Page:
Imagine God and Man set down together to play that game of chess that we call life. The one player is a master, the other a bungling amateur, so the outcome of the game cannot be in question. The amateur has free will, he does what he pleases, for it was he who chose to set up his will against that of the master in the first place; he throws the whole board into confusion time and again and by his foolishness delays the orderly ending of it all for countless generations, but every stupid move of his is dealt with by a masterly counterstroke, and slowly but inexorably the game sweeps on to the master's victory. But, mind you, the game could not move on at all without the full complement of pieces; Kings, Queens, Bishops, Knights, Pawns; the master does not lose sight of a single one of them.
Though her head was aching too much for her to reason with herself, she could think of nice things - the Cumberland hills, her lambs, her Nannie, who had taught her this trick of detachment. "When you're sick or sorry, child" she had said, "think of other things as much as you are able. It's just practice, Start young and you'll get the trick of it." And most astonishingly, after a little while of going back to childhood and remembering Nannie in her blue print dress, with her white apron on and her sleeves rolled up, turning on the bath-water and humming a little song as she did it, she fell asleep.
In one life only had the fighting, the healing, the teaching, the praying, and the suffering held equal and perfect place, and that life could never on earth be lived again. For some dying men, he thought, there would have been comfort in the old belief that a soul comes back to earth again and again, the fighter returning to pray and the teacher to heal. Once he had half believed that himself, but now he could not. Once only had the perfect life been focused in a human body. He had not returned. Why should we? The Word now taught and healed, fought and suffered, through the yielded wills of other men.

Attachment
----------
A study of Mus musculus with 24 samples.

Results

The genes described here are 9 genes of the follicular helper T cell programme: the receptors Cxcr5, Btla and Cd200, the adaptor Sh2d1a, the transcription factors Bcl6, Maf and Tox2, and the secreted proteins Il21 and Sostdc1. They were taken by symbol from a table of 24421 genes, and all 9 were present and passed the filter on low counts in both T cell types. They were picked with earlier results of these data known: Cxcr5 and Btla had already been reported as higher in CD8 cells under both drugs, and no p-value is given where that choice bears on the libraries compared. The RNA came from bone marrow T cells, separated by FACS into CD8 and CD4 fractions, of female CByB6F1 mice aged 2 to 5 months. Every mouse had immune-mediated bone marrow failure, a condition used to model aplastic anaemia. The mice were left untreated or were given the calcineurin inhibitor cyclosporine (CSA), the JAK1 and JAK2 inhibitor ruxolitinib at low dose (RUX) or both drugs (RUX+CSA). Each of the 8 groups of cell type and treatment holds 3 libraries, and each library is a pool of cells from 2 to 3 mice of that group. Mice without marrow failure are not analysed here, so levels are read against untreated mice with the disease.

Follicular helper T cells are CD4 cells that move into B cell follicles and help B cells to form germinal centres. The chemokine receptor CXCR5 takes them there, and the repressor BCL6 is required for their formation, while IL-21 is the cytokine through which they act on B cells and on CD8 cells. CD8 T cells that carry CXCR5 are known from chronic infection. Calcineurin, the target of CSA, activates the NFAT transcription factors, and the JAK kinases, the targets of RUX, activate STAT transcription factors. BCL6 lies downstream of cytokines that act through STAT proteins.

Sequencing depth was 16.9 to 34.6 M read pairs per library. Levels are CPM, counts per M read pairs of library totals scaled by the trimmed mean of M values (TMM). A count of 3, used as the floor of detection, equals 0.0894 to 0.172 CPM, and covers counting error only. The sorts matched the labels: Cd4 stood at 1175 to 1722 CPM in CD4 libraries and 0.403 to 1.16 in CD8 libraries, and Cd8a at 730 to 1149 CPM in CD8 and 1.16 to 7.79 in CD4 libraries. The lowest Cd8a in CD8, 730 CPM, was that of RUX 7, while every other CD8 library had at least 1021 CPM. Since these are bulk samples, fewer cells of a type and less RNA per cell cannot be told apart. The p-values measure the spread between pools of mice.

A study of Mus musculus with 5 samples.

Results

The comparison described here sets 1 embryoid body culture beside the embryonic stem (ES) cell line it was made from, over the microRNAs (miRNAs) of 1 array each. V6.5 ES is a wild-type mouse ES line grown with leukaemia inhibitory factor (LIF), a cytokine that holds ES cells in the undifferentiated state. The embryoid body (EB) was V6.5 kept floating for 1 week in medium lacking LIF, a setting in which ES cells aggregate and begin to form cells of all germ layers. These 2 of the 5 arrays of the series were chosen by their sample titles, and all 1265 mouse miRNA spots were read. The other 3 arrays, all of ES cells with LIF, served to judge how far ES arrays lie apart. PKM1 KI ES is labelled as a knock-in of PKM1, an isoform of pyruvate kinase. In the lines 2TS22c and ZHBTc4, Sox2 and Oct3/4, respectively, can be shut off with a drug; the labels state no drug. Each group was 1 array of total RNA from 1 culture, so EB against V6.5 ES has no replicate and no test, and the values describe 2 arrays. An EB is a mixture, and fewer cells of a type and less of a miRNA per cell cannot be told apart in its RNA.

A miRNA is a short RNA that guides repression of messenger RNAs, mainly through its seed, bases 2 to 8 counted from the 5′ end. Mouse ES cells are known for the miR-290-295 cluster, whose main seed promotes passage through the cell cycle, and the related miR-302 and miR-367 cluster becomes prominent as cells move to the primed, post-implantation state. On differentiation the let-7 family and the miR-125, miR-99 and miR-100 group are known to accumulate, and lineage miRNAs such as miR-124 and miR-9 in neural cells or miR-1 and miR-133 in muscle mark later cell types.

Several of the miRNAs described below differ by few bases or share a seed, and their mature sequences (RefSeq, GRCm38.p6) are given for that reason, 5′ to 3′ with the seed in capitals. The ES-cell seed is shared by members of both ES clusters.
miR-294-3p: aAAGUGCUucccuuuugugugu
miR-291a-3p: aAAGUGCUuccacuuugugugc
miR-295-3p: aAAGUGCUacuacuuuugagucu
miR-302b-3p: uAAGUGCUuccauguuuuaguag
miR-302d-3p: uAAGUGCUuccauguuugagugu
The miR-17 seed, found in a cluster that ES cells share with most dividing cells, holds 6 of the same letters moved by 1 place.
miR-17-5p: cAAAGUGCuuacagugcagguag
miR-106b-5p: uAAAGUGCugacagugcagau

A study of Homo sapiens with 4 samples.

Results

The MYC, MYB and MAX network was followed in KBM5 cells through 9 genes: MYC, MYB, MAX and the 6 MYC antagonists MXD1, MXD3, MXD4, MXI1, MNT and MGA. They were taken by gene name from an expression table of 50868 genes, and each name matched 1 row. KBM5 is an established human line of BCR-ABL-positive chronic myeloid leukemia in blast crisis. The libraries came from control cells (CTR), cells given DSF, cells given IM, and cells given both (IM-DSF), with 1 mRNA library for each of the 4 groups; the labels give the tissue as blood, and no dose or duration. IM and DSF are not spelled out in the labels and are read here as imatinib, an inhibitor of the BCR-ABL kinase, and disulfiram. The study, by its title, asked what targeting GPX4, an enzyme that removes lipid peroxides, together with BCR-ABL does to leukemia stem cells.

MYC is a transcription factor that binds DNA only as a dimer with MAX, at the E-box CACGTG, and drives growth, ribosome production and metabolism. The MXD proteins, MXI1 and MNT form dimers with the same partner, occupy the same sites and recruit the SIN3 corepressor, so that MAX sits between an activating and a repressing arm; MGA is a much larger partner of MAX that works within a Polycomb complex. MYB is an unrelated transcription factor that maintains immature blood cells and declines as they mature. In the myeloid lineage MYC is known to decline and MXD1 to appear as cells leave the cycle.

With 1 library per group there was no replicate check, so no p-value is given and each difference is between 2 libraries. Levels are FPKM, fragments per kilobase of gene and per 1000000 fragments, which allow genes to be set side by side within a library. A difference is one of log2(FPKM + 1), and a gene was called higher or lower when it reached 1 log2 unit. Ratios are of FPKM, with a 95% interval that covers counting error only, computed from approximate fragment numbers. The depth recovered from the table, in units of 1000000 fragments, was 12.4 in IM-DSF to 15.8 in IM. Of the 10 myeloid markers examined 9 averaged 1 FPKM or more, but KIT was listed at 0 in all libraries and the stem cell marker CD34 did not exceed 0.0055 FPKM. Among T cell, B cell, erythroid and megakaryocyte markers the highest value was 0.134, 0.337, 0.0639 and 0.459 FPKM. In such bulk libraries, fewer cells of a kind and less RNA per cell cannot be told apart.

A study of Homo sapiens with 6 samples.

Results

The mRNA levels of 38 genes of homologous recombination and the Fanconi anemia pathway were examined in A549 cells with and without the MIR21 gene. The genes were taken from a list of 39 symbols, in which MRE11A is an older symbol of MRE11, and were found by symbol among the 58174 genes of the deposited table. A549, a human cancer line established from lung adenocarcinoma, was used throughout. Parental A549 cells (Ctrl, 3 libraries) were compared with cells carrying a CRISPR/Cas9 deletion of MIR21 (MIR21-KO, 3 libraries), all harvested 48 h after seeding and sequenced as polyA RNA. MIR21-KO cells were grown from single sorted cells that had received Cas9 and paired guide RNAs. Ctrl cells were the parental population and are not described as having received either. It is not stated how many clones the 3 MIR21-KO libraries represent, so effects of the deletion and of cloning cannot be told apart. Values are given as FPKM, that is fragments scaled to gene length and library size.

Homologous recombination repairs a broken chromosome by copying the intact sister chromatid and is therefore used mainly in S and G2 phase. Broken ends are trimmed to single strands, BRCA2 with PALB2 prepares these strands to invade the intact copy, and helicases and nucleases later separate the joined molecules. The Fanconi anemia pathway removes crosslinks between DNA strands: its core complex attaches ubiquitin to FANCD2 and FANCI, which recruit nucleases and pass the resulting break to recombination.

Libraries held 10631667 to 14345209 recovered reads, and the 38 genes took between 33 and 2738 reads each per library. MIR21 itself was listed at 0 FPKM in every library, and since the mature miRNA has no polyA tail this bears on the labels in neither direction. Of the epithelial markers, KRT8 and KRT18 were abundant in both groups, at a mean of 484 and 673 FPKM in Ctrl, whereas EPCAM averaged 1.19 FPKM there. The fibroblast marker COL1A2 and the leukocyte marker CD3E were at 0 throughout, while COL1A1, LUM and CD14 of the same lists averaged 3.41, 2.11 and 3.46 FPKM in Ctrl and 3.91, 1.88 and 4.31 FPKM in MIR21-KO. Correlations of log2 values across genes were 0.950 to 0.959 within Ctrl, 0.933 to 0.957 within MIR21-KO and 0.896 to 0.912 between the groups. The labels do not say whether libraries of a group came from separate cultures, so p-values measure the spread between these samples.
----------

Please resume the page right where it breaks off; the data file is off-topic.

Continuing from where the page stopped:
One morning, waking out of deep sleep, she had, like James Anderson a few hours ago, humbly recognized her knowledge, and known herself mistaken until now, and a follower of the path of least resistance. For unbelief was easier than belief, much less demanding and subtly flattering because the agnostic felt himself to be intellectually superior to the believer. And then unbelief haunted by faith, as she knew by experience, produced a rather pleasant nostalgia, while belief haunted by doubt involved real suffering; that she knew now by intuition, soon probably she would know it by experience also. One had to be haunted by one or the other, she imagined, and to make the choice if only subconsciously. She was ashamed that subconsciously she had chosen not to suffer.
She knew when people were happy, whether they laughed or not. Indeed at eight years old she knew already that laughter was not always a sign of happiness. Sometimes when people were completely quiet there came to her that wonderful sense of well being, and her taut nerves relaxed in peace. But there was the other side of the picture. When others were wretched, even though hiddenly so, she was strung up and anguished. A child still, she knew nothing of herself. She did not understand the reason for the deep alternations of mood that afflicted her, and could not know yet how acceptance of the change from well-being to its opposite, offered for those who suffered, could serve them. That supreme usefulness to which her awareness of the needs of others would eventually lead her was a long way in the future, and before she found the bare cell there would be the desert of ineffectiveness to cross, for she was one whose fear and reserve would make it hard for her to have the normal happy traffic with her fellow human beings.
The Eliots found it a queer sort of evening - a transition evening. Hitherto the Herb of Grace had been to them a summer home; they had known it only permeated with sun and light, flower-scented, windows and doors open wide. But now doors were shut, curtains drawn to hide the sad, grey dusk. Instead of the lap of the water against the river wall they heard the whisper of the flames, and instead of the flowers in the garden they smelt the roasting chestnuts, burning apple logs, the oil lamps, polish - all the home smells. This intimacy with the house was deepening; when winter came it would be deeper still. Nadine glanced over her shoulder at the firelight gleaming upon the dark wood of the panelling, at the shadows gathering in the corners, and marvelled to see how the old place seemed to have shrunk in size with the shutting out of the daylight. It seemed gathering them in, holding them close.